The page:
MIKE CASSESE/REUTERS

Free upgrades for the business traveller may be a thing of the past. Or at least a lot harder to get.

"The industry has lost so much money," says Chris Ryall, who has travelled all over the world on business as president of Toronto-based Travel Marketing Experts . "It's much harder to score an upgrade today compared to 10 years ago."

Ron Pradinuk, who owns Journeys Travel & Leisure SuperCentre in Winnipeg and blogs about his travels at ThatTravelGuy.ca, agrees: "For a long time the business traveller was the goose that laid the golden egg for airlines," he says. "Unfortunately the goose is laying eggs a little smaller. People aren't allowed to travel on business class as much, and there have been cutbacks on frequency of travel."


Join the loyalty programs

You may not want to cram another card into your wallet, but across the travel industry – whether you're flying, booking hotels or renting cars – loyalty pays. Joining a loyalty program, and using that company's services often, offers "status."

"Most airlines are now doing upgrades strictly on status," says Rick Ingersoll, who writes the blog Frugal Travel Guy and recently published the Frugal Travel Guy Handbook. He hasn't paid for a flight in five years. Airlines will typically upgrade travellers who have top-tier status before anyone else, he says. When it comes to hotels, loyalty programs can give you complimentary newspapers, breakfasts and Wi-Fi access, plus get you into a nicer room if there's one available.

Travel at the right time

If you're hoping to be bumped to first class, or given a luxury car during peak business traveller times, forget it. You're more likely to get an upgrade when the competition is slimmer. Fly in the middle of the day or on the weekend. You should also think about routes, says Mr. Ryall. He recently travelled to Bangkok through Tokyo rather than Hong Kong. "Tokyo isn't as busy and I got upgraded in both directions."

He also recommends only bothering to try to get an upgrade when it really counts. "I never ask for an upgrade if I'm flying within North America," says Mr. Ryall. "Frankly there's really not much of a difference on shorter flights."


"It's helpful to get booked through an agent if they have a relationship with contacts on the inside and can say, 'Hey, I've got my marketing manager going on a very important trip,'" says Mr. Ryall. "If you can get something put in the file, that's a big plus, because they do look at that," he says.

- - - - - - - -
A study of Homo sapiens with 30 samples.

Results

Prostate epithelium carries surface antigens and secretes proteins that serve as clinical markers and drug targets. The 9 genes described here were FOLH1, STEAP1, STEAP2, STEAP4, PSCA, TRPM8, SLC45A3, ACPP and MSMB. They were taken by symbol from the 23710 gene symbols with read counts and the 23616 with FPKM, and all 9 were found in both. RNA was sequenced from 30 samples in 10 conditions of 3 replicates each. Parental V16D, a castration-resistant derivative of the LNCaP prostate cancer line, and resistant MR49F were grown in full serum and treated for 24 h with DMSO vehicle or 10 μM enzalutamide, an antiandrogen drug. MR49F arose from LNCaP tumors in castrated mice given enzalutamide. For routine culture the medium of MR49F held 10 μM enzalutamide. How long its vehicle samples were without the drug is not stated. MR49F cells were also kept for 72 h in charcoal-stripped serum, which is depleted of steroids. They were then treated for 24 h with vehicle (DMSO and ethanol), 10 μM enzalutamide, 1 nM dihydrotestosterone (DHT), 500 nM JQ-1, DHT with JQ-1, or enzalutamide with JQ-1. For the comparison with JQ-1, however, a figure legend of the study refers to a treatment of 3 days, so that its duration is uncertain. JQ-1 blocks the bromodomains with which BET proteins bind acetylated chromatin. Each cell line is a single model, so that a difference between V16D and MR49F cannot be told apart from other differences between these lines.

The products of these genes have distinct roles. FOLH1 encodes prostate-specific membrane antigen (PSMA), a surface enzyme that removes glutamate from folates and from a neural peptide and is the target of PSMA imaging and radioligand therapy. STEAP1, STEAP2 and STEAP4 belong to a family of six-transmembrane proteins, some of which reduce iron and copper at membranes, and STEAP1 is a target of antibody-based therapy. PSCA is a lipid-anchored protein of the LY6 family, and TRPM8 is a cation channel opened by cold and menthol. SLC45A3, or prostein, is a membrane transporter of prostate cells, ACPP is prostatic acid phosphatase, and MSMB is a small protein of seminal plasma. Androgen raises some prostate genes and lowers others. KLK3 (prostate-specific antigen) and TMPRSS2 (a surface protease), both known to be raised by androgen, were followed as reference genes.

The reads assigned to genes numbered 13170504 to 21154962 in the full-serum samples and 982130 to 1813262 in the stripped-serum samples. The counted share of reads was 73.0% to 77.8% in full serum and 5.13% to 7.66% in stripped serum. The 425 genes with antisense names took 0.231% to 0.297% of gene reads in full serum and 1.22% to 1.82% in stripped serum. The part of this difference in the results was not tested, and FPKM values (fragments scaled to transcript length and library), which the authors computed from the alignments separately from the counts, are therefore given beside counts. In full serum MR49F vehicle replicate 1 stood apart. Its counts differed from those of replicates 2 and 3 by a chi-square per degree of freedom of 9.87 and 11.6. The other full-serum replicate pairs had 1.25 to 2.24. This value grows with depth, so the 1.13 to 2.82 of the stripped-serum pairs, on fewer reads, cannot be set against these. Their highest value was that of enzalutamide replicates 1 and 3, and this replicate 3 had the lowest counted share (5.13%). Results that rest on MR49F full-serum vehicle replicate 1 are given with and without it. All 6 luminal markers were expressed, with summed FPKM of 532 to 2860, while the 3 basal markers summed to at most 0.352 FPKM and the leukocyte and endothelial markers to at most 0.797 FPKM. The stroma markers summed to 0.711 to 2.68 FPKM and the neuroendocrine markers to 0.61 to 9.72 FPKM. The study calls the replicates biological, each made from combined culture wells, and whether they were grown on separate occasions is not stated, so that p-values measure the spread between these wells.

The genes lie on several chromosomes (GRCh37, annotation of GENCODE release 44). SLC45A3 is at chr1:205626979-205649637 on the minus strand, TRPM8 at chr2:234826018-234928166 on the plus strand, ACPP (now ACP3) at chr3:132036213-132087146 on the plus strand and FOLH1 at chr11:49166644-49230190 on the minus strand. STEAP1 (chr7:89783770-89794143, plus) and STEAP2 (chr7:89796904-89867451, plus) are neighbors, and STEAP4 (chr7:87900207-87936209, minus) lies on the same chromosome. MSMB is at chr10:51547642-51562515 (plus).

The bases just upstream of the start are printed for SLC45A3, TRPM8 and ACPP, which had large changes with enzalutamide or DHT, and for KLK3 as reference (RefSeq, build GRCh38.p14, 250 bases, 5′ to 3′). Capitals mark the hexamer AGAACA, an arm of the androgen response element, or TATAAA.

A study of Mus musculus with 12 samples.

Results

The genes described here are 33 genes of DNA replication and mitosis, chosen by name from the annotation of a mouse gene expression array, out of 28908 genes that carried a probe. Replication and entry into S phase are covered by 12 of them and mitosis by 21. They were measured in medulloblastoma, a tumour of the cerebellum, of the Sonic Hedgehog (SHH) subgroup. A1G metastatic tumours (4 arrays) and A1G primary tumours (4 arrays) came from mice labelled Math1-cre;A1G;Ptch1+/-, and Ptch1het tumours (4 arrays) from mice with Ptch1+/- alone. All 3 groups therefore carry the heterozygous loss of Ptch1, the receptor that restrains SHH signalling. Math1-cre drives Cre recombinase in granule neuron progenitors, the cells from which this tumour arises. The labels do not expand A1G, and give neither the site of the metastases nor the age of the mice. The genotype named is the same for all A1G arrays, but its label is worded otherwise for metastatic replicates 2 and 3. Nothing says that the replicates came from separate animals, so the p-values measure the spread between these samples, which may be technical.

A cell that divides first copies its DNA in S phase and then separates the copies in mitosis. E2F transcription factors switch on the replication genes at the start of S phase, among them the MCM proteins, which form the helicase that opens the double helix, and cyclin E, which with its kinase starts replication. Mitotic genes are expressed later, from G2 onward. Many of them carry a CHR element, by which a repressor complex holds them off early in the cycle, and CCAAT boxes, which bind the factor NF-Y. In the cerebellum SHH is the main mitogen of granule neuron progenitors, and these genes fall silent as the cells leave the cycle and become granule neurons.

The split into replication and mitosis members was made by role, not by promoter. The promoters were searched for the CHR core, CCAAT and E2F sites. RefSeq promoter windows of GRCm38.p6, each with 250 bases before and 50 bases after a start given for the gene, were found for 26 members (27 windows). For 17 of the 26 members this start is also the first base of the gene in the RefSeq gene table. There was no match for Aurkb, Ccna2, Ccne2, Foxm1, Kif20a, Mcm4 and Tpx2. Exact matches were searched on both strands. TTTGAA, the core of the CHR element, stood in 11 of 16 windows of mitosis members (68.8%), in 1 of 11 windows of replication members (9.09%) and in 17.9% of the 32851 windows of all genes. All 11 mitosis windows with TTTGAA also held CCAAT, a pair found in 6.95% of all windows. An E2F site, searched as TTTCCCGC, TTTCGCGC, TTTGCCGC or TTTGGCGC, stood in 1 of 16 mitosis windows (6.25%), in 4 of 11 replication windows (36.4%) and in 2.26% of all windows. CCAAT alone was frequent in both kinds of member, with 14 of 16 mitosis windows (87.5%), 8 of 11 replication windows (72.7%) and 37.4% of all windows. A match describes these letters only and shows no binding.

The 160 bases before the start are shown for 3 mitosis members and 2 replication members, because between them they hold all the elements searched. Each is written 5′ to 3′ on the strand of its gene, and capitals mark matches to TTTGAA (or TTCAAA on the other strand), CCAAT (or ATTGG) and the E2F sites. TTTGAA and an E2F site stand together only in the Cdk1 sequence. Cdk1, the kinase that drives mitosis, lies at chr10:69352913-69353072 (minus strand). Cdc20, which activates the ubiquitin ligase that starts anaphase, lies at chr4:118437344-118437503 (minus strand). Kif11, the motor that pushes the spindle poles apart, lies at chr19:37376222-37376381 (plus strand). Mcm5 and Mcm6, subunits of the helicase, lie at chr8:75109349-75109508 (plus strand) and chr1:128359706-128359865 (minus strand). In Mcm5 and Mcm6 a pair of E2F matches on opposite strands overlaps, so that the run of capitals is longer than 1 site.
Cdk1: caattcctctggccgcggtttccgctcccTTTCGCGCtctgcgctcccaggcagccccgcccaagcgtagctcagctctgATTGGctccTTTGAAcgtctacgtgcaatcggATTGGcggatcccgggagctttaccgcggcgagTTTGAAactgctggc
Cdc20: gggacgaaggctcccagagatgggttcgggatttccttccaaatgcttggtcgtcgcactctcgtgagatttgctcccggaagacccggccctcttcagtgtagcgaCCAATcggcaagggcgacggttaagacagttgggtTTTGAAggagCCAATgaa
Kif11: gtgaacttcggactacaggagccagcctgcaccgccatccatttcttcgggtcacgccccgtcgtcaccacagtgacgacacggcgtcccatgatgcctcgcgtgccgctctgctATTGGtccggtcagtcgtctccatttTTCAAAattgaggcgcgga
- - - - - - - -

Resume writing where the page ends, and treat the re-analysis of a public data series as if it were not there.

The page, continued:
It's a rare occurrence, but simply sitting closer to business class can get you a seat at the front of the plane. "They're more likely not to go to the back of the plane to find someone to take a business class seat," says Mr. Ryall. It helps, he adds, to be respectably dressed and be travelling alone.

Mind your manners, even on special occasions


Book a popular car

Mr. Ryall has found that rental companies often overbook on popular car models, such as compact vehicles. "It's their obligation to match you with a similar car," he says. If they try to ding you with the additional fee for the upgrade, simply point out that you booked a compact and expect the company to honour the original rate.

Get to know the hotel front office manager

If it's a hotel you frequent, establishing a relationship with the manager can pay off in the long run. "Especially if you have good service and you take the time to tell them," says Mr. Ryall. "They'll remember that. Too often what they hear is negative."

Websites every business traveller should have bookmarked

  • Seatguru.com – Shows configuration and seat availability on flights.
  • Hotelchatter.com – “They offer a real no-holds-barred approach on hotel reviews,” says Mr. Ryall.
  • Itasoftware.com – A comprehensive airfare search site. “It’s somewhat of a complicated system,” says Mr. Ingersoll, who recommends it for frequent flyers. “It’s not for someone who wants to look once a year for airline tickets.”